Macchia's basic premise assumes that late 20th century Pentecostals were lured from their original life of Spirit-baptism, speaking in tongues, faith healing and the power of witness. He challenges his fellows to reclaim their unique presence within Christendom and suggests that the Assemblies of God have much to offer Christianity. He understands that dialogue is key to Christian awareness and invites non-Pentecostals into conversation about such divergent topics as baptism, Holy Communion, ecclesiology, and the Trinity.
Although not myself a Pentecostal I find Macchia's suggestions interesting and his arguments provocative. His understanding of Jesus Christ as the "Spirit Baptizer" (based on his exegesis of Luke 3:16) is odd. His secondary placement of "water baptism" below the Holy Spirit's promised fiery baptism (reflecting the original Pentecostal theological dictum) remains questionable. Such positions serve only to ignite curiosity.
Macchia poses that Pentecostals continue to relish their Wesleyan roots. Indeed, his recap of the via salutis is very close to the early Wesleyan, Nazarene, and Methodist positions. (The good professor inserts "new life" for Wesley's Scripturally offered "new birth" along the via. It is, also, fascinating to hear a Pentecostal talk about justification and sanctification!)
Macchia tends toward run-on sentences and long chapters- one sentence dragged on for 8 lines with over 40 words in a 101-page chapter! (Someone should remind the professor that droning-on only looses reader from the discussion.) This grammatical hindrance keeps this book from earning all the stars.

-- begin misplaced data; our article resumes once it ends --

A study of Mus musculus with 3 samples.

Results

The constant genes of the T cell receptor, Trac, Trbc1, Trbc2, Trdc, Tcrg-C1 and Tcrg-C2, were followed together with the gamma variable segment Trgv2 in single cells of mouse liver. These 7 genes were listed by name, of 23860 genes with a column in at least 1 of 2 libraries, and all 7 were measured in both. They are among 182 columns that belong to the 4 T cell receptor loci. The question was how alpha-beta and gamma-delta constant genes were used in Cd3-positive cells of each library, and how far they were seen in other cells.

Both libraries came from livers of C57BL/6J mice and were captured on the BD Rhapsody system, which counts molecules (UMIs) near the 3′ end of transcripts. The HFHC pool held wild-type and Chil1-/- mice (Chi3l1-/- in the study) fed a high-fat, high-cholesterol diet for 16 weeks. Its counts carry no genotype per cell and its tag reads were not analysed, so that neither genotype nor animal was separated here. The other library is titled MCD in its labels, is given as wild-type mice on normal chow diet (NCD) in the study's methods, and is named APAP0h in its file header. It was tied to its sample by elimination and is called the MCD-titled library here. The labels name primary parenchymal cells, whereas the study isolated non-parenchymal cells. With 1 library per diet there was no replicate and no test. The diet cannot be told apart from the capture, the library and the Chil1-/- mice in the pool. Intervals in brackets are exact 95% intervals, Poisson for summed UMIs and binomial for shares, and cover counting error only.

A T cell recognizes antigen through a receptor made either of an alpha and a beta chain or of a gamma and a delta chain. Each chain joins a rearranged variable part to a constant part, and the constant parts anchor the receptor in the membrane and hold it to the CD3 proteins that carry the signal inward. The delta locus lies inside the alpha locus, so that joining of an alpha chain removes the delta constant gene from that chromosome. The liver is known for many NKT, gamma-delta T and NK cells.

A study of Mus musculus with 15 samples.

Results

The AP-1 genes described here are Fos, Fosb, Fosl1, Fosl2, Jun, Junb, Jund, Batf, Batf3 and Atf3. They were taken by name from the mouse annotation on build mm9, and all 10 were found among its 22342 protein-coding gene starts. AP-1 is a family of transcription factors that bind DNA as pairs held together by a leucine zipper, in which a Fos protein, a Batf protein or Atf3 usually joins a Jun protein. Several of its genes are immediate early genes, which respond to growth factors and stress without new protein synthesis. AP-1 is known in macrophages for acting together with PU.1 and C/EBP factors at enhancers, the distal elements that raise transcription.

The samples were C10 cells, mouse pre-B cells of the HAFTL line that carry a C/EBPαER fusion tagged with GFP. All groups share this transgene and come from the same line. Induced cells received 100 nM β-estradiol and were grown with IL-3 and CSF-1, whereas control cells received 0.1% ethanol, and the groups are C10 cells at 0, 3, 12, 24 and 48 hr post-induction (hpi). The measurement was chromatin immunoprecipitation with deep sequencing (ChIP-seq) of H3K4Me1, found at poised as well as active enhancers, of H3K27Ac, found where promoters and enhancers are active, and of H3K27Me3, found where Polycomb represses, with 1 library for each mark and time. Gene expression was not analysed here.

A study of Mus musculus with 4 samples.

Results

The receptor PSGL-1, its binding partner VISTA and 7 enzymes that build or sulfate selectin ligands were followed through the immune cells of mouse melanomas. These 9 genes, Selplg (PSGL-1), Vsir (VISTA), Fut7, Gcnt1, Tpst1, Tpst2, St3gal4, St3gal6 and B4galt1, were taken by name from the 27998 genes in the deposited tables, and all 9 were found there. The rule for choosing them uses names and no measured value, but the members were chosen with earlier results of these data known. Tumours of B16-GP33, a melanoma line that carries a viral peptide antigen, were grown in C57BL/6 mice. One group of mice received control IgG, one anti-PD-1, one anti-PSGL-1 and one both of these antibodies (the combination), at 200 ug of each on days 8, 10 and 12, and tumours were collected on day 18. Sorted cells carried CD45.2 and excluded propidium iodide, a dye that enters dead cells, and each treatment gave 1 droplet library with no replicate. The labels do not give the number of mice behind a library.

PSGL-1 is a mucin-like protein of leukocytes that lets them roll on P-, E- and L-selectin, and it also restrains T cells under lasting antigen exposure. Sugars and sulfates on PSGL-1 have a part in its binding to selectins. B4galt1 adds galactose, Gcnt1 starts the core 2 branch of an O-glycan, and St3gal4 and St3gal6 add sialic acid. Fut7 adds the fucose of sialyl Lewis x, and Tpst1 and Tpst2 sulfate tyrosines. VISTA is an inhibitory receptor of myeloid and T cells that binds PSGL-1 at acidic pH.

This book is interesting and recommended to all with an interest in Pentecostal/Reformation theology.
Remember the Alamo! (March 6, 1836)
This is an important work for both Pentecostal's and those interested in how the Church can be united through the outpouring of the Spirit of God. This is not an easy and smooth read. This is mainly due to Macchia feeling it necessary to have discussions with Barth, Moltmann and many others besides. Another negative that I found is that Macchia does not properly link the Church with Israel. Macchia disconnects the Church from "the elect people of God in the Old Testament" and states that in Jesus the Church is finding its own election. He states (see pages 200-201 for this discussion) "though the church through Christ reaps the fruit of promises given to Israel and is nourished by their fulfillment, the Church reaps the fruit of promises given to Israel and is nourished by their fulfillment, the church is not simply Israel's replacement" ... "and Paul seems to imply that there is an 'apocalyptic mystery' yet to be revealed through Israel's witness (Rom. 11:25-32)" This is not the right reading of Romans 11:25-32 and the disconnect, in my view hurts his overall argument. I would argue instead that Jesus, as the Messiah is the true representative of Israel. In this way Jesus is the true Israel and they that put their faith in him are the reconstituted Israel. Macchia could have made this point and deepened his view of the Spirit and the Church. Another point of criticism is that the links of the Spirit in Old Testament are not brought out. In, for example Ezekiel 9-10 the glory of God leaves the Temple. At the baptism of Jesus, the fullness of the glory of God comes upon Jesus who receives the Spirit without measure. Jesus is the true Temple of God where the Spirit of God dwells. What happens in Acts 2 is Jesus filling the New Israel as the New Temple with the glory which resided in the Temple. Nevertheless, this is a great work due to its focus on the Pentecostal movement as both global in scope and eschatological in its goal. [....] I am hopeful that Macchia's work will be taken seriously by the entire theological community.